According to the L.A. Times, Mr. Goldstein purchased the home in 1972 for a mere $185,000. Since then, Goldstein has collaborated with the Lautner-hired architect Duncan Nicholson on a complementary entertainment complex. The house is more or less original, but some materials, built-ins, and motorized elements have been replaced; rooms on the lower level were also combined into one baller master suite furnished in concrete and featuring a see-through bathroom (it's blocked off by concrete).
The house is filled (filled) with photos of Goldstein posing with models and celebrities.
Even though he donated the house to the museum, Goldstein will still live in it and will allow the museum to give tours and host events.
The residence has been the setting for numerous fashion shoots and music videos, and has been featured in several movies, most notably as Jackie Treehorn's house in the Coen brothers' seminal film, The Big Lebowski (1998).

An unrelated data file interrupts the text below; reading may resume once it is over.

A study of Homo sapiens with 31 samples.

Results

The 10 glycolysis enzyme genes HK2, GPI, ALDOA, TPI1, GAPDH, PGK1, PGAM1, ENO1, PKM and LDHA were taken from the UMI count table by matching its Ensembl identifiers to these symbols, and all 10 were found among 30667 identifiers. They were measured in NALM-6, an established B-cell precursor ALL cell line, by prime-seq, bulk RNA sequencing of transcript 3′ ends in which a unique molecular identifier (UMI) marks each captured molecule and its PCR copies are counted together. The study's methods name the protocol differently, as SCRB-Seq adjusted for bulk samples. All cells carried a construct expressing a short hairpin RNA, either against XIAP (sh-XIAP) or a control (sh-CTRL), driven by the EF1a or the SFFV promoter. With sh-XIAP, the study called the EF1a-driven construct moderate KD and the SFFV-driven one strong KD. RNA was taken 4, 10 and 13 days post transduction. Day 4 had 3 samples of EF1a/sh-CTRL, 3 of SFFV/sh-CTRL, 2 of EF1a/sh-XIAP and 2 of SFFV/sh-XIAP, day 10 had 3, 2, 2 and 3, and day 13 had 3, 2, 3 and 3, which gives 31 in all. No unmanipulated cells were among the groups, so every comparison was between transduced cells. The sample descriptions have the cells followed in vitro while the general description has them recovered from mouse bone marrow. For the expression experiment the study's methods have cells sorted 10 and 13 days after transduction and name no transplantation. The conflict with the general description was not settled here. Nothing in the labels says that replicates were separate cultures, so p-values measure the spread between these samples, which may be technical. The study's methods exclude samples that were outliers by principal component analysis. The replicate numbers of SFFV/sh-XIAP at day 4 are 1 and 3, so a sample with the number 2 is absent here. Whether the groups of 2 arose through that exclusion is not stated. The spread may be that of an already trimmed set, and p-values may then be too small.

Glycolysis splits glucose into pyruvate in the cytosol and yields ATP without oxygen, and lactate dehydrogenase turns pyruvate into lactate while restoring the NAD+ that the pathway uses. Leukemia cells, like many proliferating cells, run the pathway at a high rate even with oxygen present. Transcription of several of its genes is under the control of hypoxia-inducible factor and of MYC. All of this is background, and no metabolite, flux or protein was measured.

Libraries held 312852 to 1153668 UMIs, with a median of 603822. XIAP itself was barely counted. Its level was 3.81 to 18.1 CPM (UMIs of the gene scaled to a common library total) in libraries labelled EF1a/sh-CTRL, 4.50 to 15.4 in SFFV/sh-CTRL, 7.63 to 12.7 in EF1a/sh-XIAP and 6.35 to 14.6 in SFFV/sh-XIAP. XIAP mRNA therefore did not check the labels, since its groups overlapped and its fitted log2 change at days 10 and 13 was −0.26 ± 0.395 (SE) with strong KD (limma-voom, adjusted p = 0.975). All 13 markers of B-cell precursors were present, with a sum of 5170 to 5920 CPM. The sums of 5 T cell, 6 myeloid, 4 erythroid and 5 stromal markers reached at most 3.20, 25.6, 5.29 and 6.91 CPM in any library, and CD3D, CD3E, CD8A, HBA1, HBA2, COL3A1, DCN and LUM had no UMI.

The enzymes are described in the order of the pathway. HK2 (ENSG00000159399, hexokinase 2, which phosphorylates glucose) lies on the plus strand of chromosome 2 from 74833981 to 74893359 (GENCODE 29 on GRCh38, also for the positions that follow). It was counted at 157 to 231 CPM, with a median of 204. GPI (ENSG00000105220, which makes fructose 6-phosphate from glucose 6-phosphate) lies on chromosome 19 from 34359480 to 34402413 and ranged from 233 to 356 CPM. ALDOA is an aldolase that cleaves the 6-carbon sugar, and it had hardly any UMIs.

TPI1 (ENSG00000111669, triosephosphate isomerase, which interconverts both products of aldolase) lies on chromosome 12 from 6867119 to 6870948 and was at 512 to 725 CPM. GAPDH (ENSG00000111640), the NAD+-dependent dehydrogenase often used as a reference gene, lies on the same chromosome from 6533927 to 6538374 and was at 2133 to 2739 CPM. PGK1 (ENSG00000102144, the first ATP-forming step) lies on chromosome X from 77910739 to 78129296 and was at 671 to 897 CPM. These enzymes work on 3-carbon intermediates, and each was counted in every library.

The home overlooks Los Angeles' San Fernando Valley, and embodies the iconoclastic organic architecture and progressive engineering championed by John Lautner, a major figure of 20th century American design.
That's not just, like, my opinion, man. "For me, it ranks as one of the most important houses in all of L.A.", Michael Govan, the director of the museum, told Hawthorne. But Los Angeles residents know better.
The James Goldstein house, seen in "The Big Lebowski", has been "promised" to the art museum. The gift of the John Lautner-designed Beverly Hills home to LACMA is valued at $40 million and comes with a $17 million endowment for maintenance.